Nowadays, there many apps on users’ devices for them to do business, communicate, entertain and play games, educate themselves, and relax. Most of these apps request some sort of information about you and the device you are using. They may want to know your name, your email address, or your real-world address. Some apps even ask for access to the device’s camera, microphone or your exact location.
For example, the Weather Channel app asked users for their locations to provide personalized local forecasts. Users of theScore, a sports app, were also asked for their location data.
Data security is a primary concern when installing an app to your device. Results showed that less than half of the apps that collected user information had privacy policies and the policy lacked important data-processing information. Users gave apps permission to collect and share their information while they are not aware of the risks. Some apps even change your smartphone setting and collect information without your permission.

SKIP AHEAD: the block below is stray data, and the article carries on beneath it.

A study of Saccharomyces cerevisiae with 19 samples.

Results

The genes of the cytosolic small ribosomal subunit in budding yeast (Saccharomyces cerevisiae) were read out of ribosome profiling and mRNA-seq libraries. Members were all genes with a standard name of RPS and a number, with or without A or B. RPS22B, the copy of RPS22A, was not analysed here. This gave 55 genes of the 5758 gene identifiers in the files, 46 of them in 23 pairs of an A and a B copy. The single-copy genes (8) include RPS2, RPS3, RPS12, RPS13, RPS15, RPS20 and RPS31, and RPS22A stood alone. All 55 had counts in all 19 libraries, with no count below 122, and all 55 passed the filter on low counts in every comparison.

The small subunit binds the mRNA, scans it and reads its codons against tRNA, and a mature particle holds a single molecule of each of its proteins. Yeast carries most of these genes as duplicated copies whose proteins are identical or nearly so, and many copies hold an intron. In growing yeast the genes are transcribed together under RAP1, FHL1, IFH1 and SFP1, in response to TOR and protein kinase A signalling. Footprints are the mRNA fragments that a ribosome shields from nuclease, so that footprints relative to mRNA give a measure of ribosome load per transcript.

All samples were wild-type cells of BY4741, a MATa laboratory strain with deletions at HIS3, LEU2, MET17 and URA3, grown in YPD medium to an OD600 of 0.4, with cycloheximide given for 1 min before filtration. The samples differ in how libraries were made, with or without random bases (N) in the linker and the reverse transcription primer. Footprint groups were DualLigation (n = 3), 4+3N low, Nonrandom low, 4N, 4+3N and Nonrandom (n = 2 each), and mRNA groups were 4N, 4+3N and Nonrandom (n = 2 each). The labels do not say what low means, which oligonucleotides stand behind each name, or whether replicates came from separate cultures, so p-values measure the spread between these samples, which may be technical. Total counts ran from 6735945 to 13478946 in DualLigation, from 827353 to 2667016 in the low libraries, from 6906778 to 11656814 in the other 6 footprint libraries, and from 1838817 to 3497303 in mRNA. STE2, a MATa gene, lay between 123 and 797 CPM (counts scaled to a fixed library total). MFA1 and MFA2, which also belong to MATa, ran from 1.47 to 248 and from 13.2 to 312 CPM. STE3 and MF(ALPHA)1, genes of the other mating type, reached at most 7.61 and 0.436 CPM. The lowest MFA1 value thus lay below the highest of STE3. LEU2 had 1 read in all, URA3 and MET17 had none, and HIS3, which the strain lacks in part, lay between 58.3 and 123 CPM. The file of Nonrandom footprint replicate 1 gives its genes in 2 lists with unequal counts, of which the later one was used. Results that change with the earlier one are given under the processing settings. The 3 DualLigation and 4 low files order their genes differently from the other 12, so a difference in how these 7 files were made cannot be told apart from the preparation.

In fact, developers of free apps get revenue from advertisements to support their work on apps. Companies provide users with customized services, awards and discounts in exchange for their location data agree. Preventing sensitive information from leaving the phone can affect the performance of the app or the user experience: An app may be able to refuse the feature if ads can not be loaded. The goal of ads is to understand your habits and ultimately get you to buy something.
Companies like Facebook and Google run their own advertising ecosystems won’t disclose their user data to ensure their competitiveness. However, smaller companies have a financial incentive to sell data with third parties.